He is now 11 months old and is increasing his table-food intake. Since he appears to be allergic to some dairy proteins/components, should I attempt to introduce cheese and/or yogurt to his diet? If yes, which should I try first; is there a specific order? Is it possible he's allergic to whey or casein? From what I've observed, he hasn't reacted to items which may be cooked with milk/butter, i.e. bread and cake. Monterey, CA
A. That's a tough one. It is possible that he is allergic to milk, or it could have just been a coincidence, and unfortunately, there is no easy way to tell.
With a true milk allergy, it is usually the protein in milk that you are allergic to, including casein and whey. Symptoms can include vomiting, bloody diarrhea, fussiness, hives, wheezing, and/or trouble breathing, and usually occur no matter what kind of dairy product that they eat. In cases like this, symptoms can occur when a baby drinks a cow's milk based formula or a breastfeeding mother eats or drinks dairy products herself.
On the other hand, children with a lactose intolerance can often handle some types of dairy products, but symptoms are usually limited to diarrhea, gas, bloating, and stomach pains.
So what should you do? Like I said, there is no easy solution or answer that is right one hundred percent of the time, but you might try to do one of the following:
- Continue breastfeeding until well into the toddler years so that you don't have to worry about introducing milk or other dairy products any time soon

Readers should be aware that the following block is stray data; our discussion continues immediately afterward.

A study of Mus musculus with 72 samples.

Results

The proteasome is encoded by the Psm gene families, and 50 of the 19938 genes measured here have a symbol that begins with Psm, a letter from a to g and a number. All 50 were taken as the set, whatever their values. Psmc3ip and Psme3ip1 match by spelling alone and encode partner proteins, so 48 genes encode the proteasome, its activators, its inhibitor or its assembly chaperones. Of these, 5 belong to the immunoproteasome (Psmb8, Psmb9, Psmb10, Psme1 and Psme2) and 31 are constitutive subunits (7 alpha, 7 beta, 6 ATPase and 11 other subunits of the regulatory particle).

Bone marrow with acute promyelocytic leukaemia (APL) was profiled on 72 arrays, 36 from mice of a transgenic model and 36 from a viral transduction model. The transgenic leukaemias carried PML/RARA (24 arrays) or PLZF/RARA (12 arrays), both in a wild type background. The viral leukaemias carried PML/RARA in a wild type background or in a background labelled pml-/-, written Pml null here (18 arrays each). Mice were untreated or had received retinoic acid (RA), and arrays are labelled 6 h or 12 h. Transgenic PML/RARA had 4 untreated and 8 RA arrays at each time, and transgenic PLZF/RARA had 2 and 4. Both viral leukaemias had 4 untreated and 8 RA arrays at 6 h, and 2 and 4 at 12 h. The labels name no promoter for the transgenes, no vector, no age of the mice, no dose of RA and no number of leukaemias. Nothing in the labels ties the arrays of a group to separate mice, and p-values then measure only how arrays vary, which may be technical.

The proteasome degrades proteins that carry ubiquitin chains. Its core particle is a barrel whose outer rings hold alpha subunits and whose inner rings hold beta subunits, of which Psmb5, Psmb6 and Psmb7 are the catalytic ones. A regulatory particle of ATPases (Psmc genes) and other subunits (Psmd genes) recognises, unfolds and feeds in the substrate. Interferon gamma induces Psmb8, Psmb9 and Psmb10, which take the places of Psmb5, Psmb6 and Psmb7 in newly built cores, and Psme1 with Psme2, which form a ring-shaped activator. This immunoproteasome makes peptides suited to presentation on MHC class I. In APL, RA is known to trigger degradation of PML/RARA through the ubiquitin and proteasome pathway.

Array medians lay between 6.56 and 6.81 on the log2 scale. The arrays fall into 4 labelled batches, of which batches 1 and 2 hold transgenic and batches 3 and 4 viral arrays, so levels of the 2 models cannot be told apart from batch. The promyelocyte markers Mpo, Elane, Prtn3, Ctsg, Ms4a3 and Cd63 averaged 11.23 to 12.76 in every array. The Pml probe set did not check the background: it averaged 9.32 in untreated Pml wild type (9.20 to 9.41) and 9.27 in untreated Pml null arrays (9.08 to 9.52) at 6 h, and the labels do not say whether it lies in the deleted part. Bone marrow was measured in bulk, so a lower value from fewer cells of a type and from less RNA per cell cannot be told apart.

- Ask your Pediatrician about trying a milk challenge, in which you try to reintroduce some dairy products back into his diet, perhaps starting with the ones that he has tolerated when you were breastfeeding
- Since any reaction could be worse next time if he does have a real milk allergy, you might consider having some allergy testing done to help sort this out. The Immunocap test is a simple blood test that can evaluate your child for a milk allergy and other common things that cause allergies. This is especially important if food allergies, or other kinds of allergic conditions, like eczema, asthma, or hay fever, run in the family. Unfortunately, unless your child has either very low or very high antibody levels against milk, the testing may still not be helpful. If he has intermediate levels of milk antibodies, it may be normal or it may indicate an allergy, which is one of the downsides of this type of testing.
- As an alternative to allergy testing, you could also see an allergist for further evaluation.